The reporting of pitchers and catchers to spring training is an annual rite of passage for Major League Baseball.
A proposal to institute something similar at the high school level was brought before the Kansas State High School Activities Association’s Board of Directors on Wednesday. But after considerable discussion, a measure to allow pitchers to get a head start on the spring sports season was voted down by a 42-22 margin.
“I’m disappointed in the fact that we, as head coaches, are expected to protect, prepare and develop more pitchers in lieu of the mandated pitch count rule instituted in 2017, but at the same time we’re not allowed to be directly involved in that process,” said Seaman baseball coach Steve Bushnell, who also serves as president of the Kansas Assocation of Baseball Coaches. “I’m not sure how voting ‘Yes’ on this proposal would have negatively affected those athletes preparing for the spring baseball season. But voting ‘No’ certainly doesn’t help those non-winter sport athletes that could benefit from being involved in a supervised throwing program twice per week for four weeks leading into the spring season.”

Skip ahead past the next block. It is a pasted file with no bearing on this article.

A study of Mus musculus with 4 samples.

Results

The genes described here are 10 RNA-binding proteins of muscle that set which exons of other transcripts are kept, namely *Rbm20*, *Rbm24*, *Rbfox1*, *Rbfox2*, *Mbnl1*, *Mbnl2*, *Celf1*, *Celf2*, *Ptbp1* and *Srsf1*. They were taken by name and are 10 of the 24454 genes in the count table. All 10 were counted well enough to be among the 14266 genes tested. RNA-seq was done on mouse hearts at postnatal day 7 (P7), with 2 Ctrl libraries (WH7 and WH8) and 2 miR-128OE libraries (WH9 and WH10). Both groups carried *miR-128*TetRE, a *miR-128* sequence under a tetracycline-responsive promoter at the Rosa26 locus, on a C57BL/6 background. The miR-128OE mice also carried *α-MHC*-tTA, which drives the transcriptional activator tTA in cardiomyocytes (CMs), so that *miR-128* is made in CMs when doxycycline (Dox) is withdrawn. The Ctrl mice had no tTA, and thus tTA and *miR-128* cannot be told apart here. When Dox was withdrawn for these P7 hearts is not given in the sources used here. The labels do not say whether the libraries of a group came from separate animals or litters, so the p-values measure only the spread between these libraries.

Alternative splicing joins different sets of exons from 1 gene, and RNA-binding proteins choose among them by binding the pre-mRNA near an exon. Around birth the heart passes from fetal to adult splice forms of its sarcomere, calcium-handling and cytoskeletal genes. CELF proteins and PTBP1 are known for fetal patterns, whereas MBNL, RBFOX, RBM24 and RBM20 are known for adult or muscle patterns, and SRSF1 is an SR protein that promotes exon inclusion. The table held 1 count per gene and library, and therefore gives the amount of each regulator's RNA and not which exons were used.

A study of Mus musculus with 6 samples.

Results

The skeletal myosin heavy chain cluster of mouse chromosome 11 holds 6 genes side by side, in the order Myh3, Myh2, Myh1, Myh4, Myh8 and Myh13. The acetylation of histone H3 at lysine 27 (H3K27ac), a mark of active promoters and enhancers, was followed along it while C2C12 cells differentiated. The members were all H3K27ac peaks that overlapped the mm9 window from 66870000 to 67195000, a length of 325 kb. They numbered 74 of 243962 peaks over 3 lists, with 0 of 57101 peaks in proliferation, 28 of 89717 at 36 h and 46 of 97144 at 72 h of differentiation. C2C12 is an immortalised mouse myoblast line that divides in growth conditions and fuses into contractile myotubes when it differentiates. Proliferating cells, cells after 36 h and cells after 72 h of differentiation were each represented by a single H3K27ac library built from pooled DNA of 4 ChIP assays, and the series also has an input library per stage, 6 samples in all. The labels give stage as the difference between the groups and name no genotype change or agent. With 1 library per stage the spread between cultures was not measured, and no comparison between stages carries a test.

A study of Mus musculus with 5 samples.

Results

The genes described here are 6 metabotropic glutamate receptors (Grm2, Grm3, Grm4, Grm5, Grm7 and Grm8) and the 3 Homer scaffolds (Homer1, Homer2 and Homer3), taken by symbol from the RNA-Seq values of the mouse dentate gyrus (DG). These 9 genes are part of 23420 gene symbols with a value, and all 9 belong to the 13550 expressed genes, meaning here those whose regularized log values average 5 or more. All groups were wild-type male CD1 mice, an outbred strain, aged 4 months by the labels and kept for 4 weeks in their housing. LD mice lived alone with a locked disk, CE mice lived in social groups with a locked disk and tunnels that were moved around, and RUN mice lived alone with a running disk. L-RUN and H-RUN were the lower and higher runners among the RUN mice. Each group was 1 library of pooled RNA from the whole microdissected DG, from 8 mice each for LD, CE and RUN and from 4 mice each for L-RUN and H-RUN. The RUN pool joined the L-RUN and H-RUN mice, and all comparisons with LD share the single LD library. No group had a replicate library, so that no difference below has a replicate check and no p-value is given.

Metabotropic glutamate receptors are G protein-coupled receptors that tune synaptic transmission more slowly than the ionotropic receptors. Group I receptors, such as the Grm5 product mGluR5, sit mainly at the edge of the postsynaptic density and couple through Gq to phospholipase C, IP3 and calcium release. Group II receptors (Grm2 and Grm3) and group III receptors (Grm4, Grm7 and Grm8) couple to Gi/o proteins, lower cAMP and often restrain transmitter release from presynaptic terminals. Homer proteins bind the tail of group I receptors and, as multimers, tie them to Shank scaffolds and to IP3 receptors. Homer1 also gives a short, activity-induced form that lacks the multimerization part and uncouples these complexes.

The proposal, introduced by the Sunflower League and presented by Lawrence baseball coach Brad Stoll, would have allowed for pitchers and support personnel (catchers) to get a head start on the spring season as long as they were not a participant in a winter sport. Pitchers could work under the supervision of their high school coaches twice a week in a voluntary arm care program for a period of four weeks prior to the official start of the spring sports season.
Last year for the first time, Kansas high school baseball teams had to adhere to a pitch count system in which a player could not throw more than 105 pitches on a single day, being allowed to finish the batter he’s facing if he reaches the limit in the middle of an at-bat. Mandatory rest periods were also introduced based on how many pitches had been thrown in a single day.
The rule forced most schools to employ additional pitchers throughout the season and the proposal vetoed on Wednesday would have allowed coaches to further develop more pitchers for their staffs.
Site for 2019 Shrine Bowl announced
The 46th Kansas Shrine Bowl will be held June 8, 2019 in Dodge City after the western Kansas town was awarded the game on Wednesday. The 2018 game will be held in Pittsburg.
“This is an event we’ve been pursuing for some time” Jan Stevens, Director for the Dodge City Convention and Visitor’s Bureau, said in a press release issued by the Kansas Shrine Bowl. “We’re pleased that everything has come together to be selected to host the 2019 edition. The Shrine Bowl is a well-established event and will draw a significant number of people to the community.”